By LINDSAY M. McCOY
Capital News Service
LANSING – Michigan ranked 11th in the country in the number of children who have lost a primary caregiver due to COVID-19, according to the Centers for Disease Control and Prevention.
Approximately 50,000 children in the state have lost at least one caregiver to the disease.
Lawmakers in California, which led the nation in children orphaned by the disease, have introduced legislation to create state-funded trust accounts for these children who are now in the state foster-care system or in low-income households. No similar bills are pending in the Michigan Legislature.
Initial deposits would begin at $4,000 per eligible children under 10, and $8,000 for those over 10, according to the California proposal. Depending on their foster care status, children would be able to withdraw the funds when they are 18 or 21.
Child welfare agencies in Michigan, such as Michigan’s Children and Wolverine Human Services, say they would support the state following California’s lead.
“What we know is that investing early on in kids is where success often lies, whether that is done as a trust fund or child savings account,” said Duane Breijak, the executive director of the Michigan chapter of the National Association of Social Workers.
Breijak said the idea of state-funded savings accounts would be an interesting strategy to provide relief for kids orphaned by the pandemic since financial support for them is a huge burden to take on.
“Whether there’s a pandemic or not, how do we best support a child when they lose a parent or caregiver? And where does that financial burden lie?” he said.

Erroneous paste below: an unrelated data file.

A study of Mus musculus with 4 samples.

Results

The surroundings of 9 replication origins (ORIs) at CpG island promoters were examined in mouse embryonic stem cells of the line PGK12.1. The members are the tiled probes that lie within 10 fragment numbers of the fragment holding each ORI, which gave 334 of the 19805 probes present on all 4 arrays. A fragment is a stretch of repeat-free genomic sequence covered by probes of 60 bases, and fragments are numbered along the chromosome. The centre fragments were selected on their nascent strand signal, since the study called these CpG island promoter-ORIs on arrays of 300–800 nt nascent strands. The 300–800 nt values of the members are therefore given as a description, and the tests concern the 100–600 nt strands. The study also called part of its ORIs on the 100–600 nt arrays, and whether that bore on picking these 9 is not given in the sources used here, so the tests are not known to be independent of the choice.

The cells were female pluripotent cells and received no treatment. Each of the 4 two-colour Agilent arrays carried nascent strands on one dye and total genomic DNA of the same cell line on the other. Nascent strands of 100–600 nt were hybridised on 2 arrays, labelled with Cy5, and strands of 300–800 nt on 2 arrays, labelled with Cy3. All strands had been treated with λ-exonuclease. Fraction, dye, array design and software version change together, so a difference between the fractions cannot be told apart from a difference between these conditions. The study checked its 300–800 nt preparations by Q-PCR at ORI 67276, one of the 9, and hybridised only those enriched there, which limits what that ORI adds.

A trust or savings account would work as a long-term solution to children’s needs that arose during the pandemic, said Breijak.
“There have beens lots of funding opportunities through American Rescue Funds dollars that agencies have been able to use, but that fund is likely to be gone in the next year or so,” Breijak said.
Bobby Dorigo Jones, the vice president of Michigan’s Children, a nonprofit that advocates public policies in the best interest of children, said such a proposal in Michigan would be feasible.
“It’s certainly doable economically when I look at the amount of funding going to each person in the California bill,” said Jones.
He said providing a savings account to each eligible child would cost $50 million to $100 million, an amount roughly equal to 1% of the state’s current surplus.
Not only do children who have lost a caregiver need support, but so do the adults who take care of them, most often a grandparent, aunt or uncle, he said.
The death of a parent or caregiver is associated with higher risks of suicide, violence, sexual abuse and less education, according to the CDC.
Judith Fischer Wollack, the CEO of Wolverine Human Services in Grosse Pointe Park, said something like a child savings account would be a positive motivator for orphaned children to continue to higher education.
“How many kids don’t go to college because they think they can’t afford it?” she said.
Savings accounts like that would also be especially beneficial for children in the foster care system with cognitive disabilities, said Wollack.
“Recently a 10-year-old boy came into the shelter who was pretty developmentally disabled and both his parents had died that week of COVID,” she said. “So where his life goes, and the amount of support and needs he will have will be tremendous in life.”
Wollack said she thinks legislation creating such accounts would be an amazing idea to support Michigan children.
“It’s apparent we need to continue to support our most in need children, especially those in foster care.”
Editor’s note: This article was updated on Feb. 26, 2022, to show that Michigan ranked 11th, not 12th, among the states in the number of children who lost a parent or other caregiver due to COVID-19.